Cattle return to Roundshaw Downs
The world's most environmentally friendly lawn-moo-wers have returned to Roundshaw Downs.
Five Sussex cattle with their shaggy coats and horns have returned to the park for the second year in a row to keep the grass in check of the winter.
The herd spent last winter in Sutton and the scheme was such a success that Sutton Council has repeated it this year.
If the area was left untended weeds and hardy plants would overrun the downs and choke out the rare wild flowers that grow in the chalky ground.
But the cows keep the plants in check and their grazing is much better for the flora than mechanical mowing.
Councillor Jill Whitehead, chairwoman of Sutton Council's environment committee, said: "Sutton is very proud of its Green record and this is an innovative way of helping to preserve the borough’s rare chalk grasslands.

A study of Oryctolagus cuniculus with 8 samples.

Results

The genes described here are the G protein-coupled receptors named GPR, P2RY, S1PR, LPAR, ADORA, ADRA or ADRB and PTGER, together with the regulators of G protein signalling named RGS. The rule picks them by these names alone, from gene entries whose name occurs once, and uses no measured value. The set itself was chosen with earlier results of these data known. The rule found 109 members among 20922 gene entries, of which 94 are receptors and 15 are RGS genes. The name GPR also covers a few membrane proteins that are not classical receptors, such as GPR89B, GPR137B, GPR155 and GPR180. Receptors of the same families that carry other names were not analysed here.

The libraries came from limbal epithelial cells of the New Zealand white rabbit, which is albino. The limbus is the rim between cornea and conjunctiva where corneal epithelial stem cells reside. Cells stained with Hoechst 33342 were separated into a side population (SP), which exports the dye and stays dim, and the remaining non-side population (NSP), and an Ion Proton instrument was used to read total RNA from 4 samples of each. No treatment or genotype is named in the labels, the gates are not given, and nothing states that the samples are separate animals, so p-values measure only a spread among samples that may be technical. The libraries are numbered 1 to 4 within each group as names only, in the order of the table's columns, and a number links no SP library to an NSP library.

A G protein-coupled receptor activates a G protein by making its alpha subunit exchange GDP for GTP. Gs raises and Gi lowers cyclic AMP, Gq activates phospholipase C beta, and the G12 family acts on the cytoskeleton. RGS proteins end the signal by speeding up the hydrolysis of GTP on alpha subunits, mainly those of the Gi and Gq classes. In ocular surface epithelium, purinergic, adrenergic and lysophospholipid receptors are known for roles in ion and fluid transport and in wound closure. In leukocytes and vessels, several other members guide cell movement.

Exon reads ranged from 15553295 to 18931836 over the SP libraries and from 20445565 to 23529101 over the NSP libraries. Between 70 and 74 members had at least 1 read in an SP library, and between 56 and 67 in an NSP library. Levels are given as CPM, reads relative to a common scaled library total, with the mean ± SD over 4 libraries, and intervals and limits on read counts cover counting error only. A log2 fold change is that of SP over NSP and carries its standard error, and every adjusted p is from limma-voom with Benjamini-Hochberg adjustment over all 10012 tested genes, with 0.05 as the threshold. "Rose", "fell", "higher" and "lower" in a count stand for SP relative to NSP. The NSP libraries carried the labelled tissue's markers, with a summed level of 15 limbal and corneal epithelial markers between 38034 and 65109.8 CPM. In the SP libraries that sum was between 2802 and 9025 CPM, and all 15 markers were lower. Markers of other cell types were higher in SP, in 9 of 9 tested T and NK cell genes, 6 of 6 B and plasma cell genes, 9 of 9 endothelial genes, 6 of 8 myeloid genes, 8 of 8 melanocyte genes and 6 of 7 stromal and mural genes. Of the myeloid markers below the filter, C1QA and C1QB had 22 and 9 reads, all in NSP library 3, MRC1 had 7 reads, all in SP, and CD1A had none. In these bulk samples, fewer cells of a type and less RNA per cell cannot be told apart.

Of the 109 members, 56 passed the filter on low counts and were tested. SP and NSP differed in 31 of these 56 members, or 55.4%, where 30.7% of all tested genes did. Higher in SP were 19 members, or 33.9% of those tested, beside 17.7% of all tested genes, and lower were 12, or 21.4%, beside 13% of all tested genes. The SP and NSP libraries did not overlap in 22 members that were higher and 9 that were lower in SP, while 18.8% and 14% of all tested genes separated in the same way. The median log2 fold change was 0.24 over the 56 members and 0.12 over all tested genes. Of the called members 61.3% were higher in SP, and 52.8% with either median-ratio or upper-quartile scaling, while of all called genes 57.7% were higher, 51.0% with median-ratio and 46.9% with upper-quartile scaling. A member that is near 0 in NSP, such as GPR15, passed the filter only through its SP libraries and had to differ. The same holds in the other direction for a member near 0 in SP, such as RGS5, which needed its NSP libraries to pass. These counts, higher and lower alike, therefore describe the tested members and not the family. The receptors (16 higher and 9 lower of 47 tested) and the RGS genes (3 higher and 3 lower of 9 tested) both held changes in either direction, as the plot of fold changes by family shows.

"High quality chalk grassland can support up to 50 different species of plants within one square metre and bringing in grazing cattle will help increase the amount of plants and animals that can live and flourish there.
"It also brings a little bit of the countryside into the city, and will give local children the chance to see animals right on their doorsteps."
Sussex cattle are one of the oldest breeds of cow and modern cattle are descended from them.
The cows moved into their new home on Thursday and members of the public have been asked to leave them alone for a few days to let them settle in.
An open day to let the cows meet their new neighbours is being arranged for the October half term.